Managing an organization’s digital assets is a growing priority that can cost even the savviest CIO their job.  Budgeting for information governance can be tricky when it comes to determining how and where to find the necessary resources.

Below are some common budgeting pitfalls to avoid when deciding on an information governance solution.

#1 Top-down planning

Companies often view budgeting as a top-down process where one person owns the entire process.  The reality is that everyone needs to be involved so that the entire company’s resources are accounted for.  The management of information governance doesn’t just rely on IT or compliance departments; the entire organization is involved and benefits from the solution.

To make an information governance budget a reality, make sure you involve key stakeholders from every department and have each entity take ownership for their parts of the budget.  Once each department identifies the resources they need to allocate, the project leader can roll it up into a single plan.

#2 Difficulty budgeting

When you don’t have reliable access to spending data, it can be challenging to actualize what has been invested in the information governance initiatives currently running.  This in turn makes it difficult to justify additional spending with executives.  It can also be difficult to know where to allocate the information governance budget if it’s unclear how much funds are available.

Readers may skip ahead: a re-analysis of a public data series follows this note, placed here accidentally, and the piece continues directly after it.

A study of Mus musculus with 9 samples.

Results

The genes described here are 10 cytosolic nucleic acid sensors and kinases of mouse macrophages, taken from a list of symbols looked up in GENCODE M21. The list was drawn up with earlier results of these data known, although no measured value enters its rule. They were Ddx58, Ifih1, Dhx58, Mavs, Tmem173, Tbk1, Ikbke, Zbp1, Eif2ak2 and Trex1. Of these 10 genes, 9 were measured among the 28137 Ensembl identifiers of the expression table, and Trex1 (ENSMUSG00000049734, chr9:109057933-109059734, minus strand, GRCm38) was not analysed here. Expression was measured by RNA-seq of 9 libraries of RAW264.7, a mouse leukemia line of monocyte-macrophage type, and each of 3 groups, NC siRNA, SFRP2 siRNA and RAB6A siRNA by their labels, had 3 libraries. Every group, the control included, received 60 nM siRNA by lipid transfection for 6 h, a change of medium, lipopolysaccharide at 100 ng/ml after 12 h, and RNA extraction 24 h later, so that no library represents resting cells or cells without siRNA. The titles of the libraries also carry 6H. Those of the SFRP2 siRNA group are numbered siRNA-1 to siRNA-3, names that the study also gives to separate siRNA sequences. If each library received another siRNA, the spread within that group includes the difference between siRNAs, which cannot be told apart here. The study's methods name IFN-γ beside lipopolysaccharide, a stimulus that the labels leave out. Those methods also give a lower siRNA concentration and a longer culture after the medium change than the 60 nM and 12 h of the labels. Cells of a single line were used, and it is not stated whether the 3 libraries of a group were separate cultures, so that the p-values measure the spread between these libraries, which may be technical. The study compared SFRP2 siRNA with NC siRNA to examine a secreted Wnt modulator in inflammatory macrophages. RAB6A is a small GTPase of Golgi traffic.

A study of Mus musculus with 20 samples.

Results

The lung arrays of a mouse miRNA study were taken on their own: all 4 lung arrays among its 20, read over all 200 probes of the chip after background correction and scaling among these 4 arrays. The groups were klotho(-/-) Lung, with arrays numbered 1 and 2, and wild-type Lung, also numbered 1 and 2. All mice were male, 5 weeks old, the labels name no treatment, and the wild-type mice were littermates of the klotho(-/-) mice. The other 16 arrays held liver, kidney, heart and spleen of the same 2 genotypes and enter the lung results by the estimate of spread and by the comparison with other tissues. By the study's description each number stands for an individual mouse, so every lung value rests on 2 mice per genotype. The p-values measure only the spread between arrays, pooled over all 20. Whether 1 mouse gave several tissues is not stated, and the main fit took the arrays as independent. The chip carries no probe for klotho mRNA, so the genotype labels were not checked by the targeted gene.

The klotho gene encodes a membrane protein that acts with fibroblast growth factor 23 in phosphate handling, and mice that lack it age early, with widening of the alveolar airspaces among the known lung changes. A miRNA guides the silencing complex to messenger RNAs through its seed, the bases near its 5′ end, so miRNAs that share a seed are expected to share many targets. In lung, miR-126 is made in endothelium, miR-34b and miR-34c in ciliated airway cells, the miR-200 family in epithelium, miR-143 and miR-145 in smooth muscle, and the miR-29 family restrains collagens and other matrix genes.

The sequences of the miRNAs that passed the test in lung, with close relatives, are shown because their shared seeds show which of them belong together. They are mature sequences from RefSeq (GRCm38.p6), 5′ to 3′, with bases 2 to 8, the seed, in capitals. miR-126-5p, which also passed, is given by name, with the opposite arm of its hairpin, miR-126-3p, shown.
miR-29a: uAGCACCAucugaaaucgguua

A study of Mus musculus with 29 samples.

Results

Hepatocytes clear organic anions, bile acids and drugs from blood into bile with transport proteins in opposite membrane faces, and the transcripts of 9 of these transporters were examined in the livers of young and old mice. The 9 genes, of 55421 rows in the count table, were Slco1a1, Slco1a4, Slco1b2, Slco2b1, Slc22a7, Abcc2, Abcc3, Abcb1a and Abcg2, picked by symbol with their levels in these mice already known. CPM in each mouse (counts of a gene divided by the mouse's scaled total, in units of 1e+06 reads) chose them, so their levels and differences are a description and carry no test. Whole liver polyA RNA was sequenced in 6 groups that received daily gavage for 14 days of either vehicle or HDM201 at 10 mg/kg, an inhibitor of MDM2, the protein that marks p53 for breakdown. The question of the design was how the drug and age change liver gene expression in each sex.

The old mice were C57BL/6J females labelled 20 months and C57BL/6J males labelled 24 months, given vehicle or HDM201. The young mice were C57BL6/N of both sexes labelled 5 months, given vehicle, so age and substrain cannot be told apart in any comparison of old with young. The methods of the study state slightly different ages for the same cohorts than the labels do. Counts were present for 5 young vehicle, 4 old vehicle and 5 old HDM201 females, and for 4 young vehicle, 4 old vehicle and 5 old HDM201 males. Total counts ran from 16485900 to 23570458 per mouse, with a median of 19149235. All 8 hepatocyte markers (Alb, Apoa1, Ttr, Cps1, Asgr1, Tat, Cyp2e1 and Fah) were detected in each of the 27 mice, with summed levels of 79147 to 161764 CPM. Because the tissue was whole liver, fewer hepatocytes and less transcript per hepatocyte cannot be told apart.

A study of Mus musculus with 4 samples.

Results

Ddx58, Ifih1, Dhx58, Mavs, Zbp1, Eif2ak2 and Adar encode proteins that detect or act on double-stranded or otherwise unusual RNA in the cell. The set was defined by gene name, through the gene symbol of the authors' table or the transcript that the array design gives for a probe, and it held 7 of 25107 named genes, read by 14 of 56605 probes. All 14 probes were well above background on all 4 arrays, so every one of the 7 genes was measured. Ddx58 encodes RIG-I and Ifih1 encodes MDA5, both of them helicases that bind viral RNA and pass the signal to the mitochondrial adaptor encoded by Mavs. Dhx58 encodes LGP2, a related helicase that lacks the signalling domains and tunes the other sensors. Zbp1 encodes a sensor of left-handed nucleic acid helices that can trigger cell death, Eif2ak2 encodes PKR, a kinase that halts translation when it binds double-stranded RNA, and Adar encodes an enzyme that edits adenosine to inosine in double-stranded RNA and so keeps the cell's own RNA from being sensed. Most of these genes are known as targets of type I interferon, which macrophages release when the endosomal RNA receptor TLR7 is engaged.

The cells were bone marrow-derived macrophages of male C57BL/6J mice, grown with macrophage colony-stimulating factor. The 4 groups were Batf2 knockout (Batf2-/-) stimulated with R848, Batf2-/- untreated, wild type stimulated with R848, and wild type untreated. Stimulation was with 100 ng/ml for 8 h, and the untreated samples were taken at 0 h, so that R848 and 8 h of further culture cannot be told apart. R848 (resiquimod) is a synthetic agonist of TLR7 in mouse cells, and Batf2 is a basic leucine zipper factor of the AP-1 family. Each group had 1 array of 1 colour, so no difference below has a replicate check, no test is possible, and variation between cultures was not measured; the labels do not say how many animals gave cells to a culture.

Whether you’re using a spreadsheet or have advanced budgeting software to track your spend, it’s important to constantly be reviewing what’s working and what’s not and identify where the organization is seeing the most ROI.

#3 Biting off more than you can chew

Once an information governance roadmap is approved, obtaining sign off can be daunting.  While the solution may sound straightforward, this is rarely a reality.  Many organizations still struggle with implementing information governance and instead of seeking budget approval for the entire initiative, it’s often best to break it off into smaller projects and seek approval for each project at a time.  Some examples of smaller projects include:

  • Selection and implementation of archiving tools
  • Training program for employees
  • Migration to a new email platform
  • Information governance assessment

The key is to align each individual project with your goals, and keep track of the investment so per-project ROI can be obtained.

#4 Bowing to internal politics

Internal politics exist at most companies, and discussions often get heated when valuable resources are involved.  With a number of different departments and budgets, it can be tempting to divide the resources evenly to avoid disagreements.  While this avoids conflict, it typically rewards those that are the loudest.

If you’re considering individual information governance proposals, measure each based on their strategic return, economic value, and payback window.  This will better guide how resources are split.

#5 Struggling to Prove ROI

Proving ROI is critical to the success of any information governance initiative, and there is growing pressure to do so.  Similar to the efforts of public relations or corporate social responsibility departments, it can be difficult to prove the ROI of budget based on intangible initiatives.

Consider demonstrating the ROI of information governance via more quantitative means such as: decreased overtime hours, quicker eDiscovery turnaround times, less spending on storage, or fewer litigation issues.